US jobs growth bypasses railway workers
US employment growth has bypassed the railroad industry, a provider of good wages for blue-collar workers across the country.
Headcount at the largest US freight railroads was down 4 per cent on year to 141,000 in June, a lower number than in the financial crisis, government data show. The sum is set to fall further this year as managers streamline operations under pressure from investors.
Last week Union Pacific Railroad, the largest listed US railroad, said it intended to cut payrolls by 10 per cent in 2019 as it reported a record second-quarter profit of $1.6bn.
At CSX, whose web of tracks lies east of the Mississippi river, employee counts were down 5 per cent on the year in June after a 14 per cent reduction last year. Executives seek another 2.5 per cent reduction between now and 2020.
The Norfolk Southern Railway, which reports results this week, has outlined plans to eliminate more than 500 positions this year.
The prolonged cuts stand in contrast to robust hiring in the US labour market, where non-farm payrolls rose by 224,000 in June.
Railroad jobs are becoming more scarce as managers try to boost profit margins, in some cases to placate activist shareholders. Most operators have in the past two years embraced principles known as “precision scheduled railroading,” which entail rigid timetables, longer trains, thousands of idled locomotives and less labour.
Driving trains, maintaining right-of-way and dispatching cars are largely unionised jobs that do not require a university degree. The average employee at a large freight railroad earned $87,100 in wages and $38,300 of fringe benefits in 2017, according to the Association of American Railroads.
The slackening rail employment picture has drawn scrutiny from Congress. A House transport subcommittee last month conducted a hearing on the state of the workforce. Lawmakers questioned the consequences of lower staffing.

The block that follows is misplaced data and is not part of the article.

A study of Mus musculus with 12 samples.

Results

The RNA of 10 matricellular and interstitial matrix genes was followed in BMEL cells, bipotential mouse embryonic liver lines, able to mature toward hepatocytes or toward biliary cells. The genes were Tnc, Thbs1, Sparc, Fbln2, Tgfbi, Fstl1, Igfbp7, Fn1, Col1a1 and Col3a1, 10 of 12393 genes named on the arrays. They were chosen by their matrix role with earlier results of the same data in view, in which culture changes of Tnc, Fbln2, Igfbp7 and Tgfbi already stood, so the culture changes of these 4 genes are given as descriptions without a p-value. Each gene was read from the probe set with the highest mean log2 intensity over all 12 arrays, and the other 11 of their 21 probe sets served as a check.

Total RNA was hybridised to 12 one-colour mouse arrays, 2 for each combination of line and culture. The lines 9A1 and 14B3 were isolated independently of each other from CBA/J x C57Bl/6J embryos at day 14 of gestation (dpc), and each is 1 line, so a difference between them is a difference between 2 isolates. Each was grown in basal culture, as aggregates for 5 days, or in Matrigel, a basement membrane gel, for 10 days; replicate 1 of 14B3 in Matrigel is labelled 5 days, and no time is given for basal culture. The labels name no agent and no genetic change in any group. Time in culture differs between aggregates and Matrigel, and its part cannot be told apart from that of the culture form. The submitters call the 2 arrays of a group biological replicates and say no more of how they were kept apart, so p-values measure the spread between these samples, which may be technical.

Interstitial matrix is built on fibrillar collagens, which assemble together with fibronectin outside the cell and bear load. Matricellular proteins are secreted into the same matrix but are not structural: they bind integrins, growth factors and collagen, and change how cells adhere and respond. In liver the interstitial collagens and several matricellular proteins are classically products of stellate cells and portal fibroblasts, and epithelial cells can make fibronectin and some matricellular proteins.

“While worker productivity has never been better and Class 1 railroads have enjoyed multibillion-dollar profits for many years, employment levels are headed in the other direction with thousands of rail employees furloughed,” Dennis Pierce, president of the Brotherhood of Locomotive Engineers and Trainmen union, told the subcommittee.
Precision railroading was evangelised by Hunter Harrison, a renowned manager who introduced it first on Canadian railways. After he was hired in March 2017 from Canadian Pacific Railway to run CSX, he swiftly began transforming the 21,000-mile network.
An acolyte continued to execute his vision after Harrison died in December 2017. Last week the Jacksonville, Florida-based company reported an operating ratio — operating costs as a percentage of revenue — of 57.4 per cent, its best for any second quarter.
CSX’s headcount was 21,541 in June, down by almost 10,000 since 2014.
“The whole objective [of precision railroading] is to remove all of the unnecessary touches and handling and steps throughout the process of moving freight. And as you remove those steps, it means that you require fewer people to do it,” CSX said.
Union Pacific, Norfolk Southern and Kansas City Southern — the other big listed US railroads — have since taken precision methods aboard. An S&P index of the four most valuable railroad stocks has risen 56 per cent since Harrison’s arrival at CSX, more than double the increase of the broader US stock market.
In its latest quarter, Union Pacific said it had curtailed operations at two rail yards in Illinois and one in Texas and stored 2,150 locomotives.
“We’ve taken a lot of work out of the network, and it’s being reflected now on our manpower,” said Lance Fritz, Union Pacific chief executive.
One outlier is BNSF, a subsidiary of Warren Buffett’s Berkshire Hathaway. Headcount has hovered near 42,000 over the past few years at the railroad, which competes with Union Pacific and Kansas City Southern in the central and western US.
BNSF’s former executive chairman, Matthew Rose, questioned the merits of precision railroading before he retired this year. Mr Buffett has more recently sounded open to the concept.
“If we think we can serve our customers well and get more efficient in the process, we will adopt whatever we observe,” Mr Buffett told the company’s annual meeting in May.
In a blow to efforts to preserve jobs, a regulator in May scrapped a proposal to require a minimum number of crew members on each train. Labour unions had sought at least two, but the Federal Railroad Administration found no evidence multiple workers made trains safer.
Further, the agency said any requirement would “unnecessarily impede the future of rail innovation and automation.”